Iliac Endofibrosis

What is it?

Iliac endofibrosis is a narrowing (and sometimes kinking) of the main artery of the leg in young athletic people. The iliac artery provides most of the blood supply to the leg and extends from the groin deep inside the tummy to the main blood vessel (the aorta). Narrowing reduce the blood flow to the leg which is most noticeable during times of heavy exercise.

Why does it occur?

No one understands exactly why this condition occurs. It is a condition which has been encountered mainly in elite athletes, especially cyclists. The narrowing of the iliac artery is caused by a different disease process to the narrowing of arteries which normally causes blocked arteries in the heart or legs (atherosclerosis). Atherosclerosis is usually found in older people who smoke or have raised cholesterol, high blood pressure or diabetes. It is possible that the extreme blood flow and repetitive flexing of the hip during extreme exercise somehow damages the iliac artery during which causes narrowing of the artery.

What problems can it cause?

People with iliac endofibrosis often develop fatigue in one leg or cramps during periods of heavy exercise. The symptoms may have been present for many months or years before the diagnosis is made. This is because artery problems in young people are extremely rare and the pain may be put down to muscular problems or back trouble.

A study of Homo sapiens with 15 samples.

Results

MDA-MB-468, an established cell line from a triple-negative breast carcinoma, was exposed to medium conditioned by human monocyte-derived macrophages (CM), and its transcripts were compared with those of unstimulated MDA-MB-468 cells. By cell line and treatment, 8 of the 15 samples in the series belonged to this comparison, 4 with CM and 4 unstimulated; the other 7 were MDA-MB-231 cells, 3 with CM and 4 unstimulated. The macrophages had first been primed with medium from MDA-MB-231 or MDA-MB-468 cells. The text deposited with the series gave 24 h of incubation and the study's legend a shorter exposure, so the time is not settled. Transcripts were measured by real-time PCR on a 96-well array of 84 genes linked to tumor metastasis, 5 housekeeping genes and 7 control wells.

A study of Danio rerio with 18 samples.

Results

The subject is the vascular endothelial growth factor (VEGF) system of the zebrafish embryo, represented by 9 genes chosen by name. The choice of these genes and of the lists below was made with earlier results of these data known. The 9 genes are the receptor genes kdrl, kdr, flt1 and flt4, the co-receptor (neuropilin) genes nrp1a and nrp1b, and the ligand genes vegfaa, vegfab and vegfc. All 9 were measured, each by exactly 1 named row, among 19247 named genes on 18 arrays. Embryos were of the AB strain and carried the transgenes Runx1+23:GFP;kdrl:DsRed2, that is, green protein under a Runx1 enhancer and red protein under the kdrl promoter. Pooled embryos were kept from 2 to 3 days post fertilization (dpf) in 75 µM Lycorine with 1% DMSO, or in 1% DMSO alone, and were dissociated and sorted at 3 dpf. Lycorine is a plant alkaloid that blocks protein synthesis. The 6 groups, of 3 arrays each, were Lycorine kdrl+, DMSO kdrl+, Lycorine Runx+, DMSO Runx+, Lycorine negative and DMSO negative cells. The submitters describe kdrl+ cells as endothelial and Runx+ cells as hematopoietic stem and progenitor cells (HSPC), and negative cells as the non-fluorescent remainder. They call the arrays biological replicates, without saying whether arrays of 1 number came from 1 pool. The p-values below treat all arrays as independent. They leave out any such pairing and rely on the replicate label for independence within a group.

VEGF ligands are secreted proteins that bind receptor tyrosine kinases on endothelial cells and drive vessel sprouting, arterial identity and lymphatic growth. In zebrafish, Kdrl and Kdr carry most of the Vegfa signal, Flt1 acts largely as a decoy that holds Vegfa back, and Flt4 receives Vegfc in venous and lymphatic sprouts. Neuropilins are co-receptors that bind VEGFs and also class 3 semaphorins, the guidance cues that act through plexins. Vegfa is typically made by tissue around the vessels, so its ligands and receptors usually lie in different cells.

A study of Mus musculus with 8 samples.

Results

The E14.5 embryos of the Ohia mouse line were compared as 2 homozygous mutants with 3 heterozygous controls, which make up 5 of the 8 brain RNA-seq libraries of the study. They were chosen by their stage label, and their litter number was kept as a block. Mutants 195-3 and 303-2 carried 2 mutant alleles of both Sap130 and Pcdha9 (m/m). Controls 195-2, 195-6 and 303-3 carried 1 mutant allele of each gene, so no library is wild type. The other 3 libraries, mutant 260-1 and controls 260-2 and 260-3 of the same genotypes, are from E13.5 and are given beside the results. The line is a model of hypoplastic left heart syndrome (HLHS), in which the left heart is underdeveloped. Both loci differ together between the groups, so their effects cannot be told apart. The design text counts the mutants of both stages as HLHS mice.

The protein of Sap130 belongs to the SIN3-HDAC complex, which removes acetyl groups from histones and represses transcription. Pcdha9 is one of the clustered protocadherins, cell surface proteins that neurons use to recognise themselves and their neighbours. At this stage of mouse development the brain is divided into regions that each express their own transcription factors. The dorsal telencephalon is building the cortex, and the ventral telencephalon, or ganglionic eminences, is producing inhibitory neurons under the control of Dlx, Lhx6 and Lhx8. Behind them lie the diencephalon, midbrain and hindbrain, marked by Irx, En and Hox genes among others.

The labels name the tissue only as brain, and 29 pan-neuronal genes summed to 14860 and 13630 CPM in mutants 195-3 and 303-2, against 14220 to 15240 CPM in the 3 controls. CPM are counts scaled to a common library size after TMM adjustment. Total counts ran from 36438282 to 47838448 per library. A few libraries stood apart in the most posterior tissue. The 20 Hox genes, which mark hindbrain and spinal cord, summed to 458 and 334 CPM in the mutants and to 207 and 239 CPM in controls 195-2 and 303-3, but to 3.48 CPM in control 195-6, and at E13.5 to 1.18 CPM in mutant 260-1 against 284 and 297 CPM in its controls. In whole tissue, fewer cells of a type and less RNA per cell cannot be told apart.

Athletes with the condition often find that their performance drops and they are unable to compete to the same level. Others have trouble completing any exercise. Very rarely the iliac artery blocks suddenly causing major interruption of blood flow to the leg. This is an emergency and requires urgent surgery.

Reasons for treatment?

There are various treatment options available. Sometimes a change in cycling position or physiotherapy helps to use other muscles. Some people decide that they do not want to compete at a high level and opt to change sport or cease competition. For others the only option is surgery to remove the narrowing in the artery.

The medical information provided here is intended solely for patients of the London & Surrey Vascular Clinic, it is general information only and should not be used as a substitute for personal advice received when consulting your own surgeon face-to-face.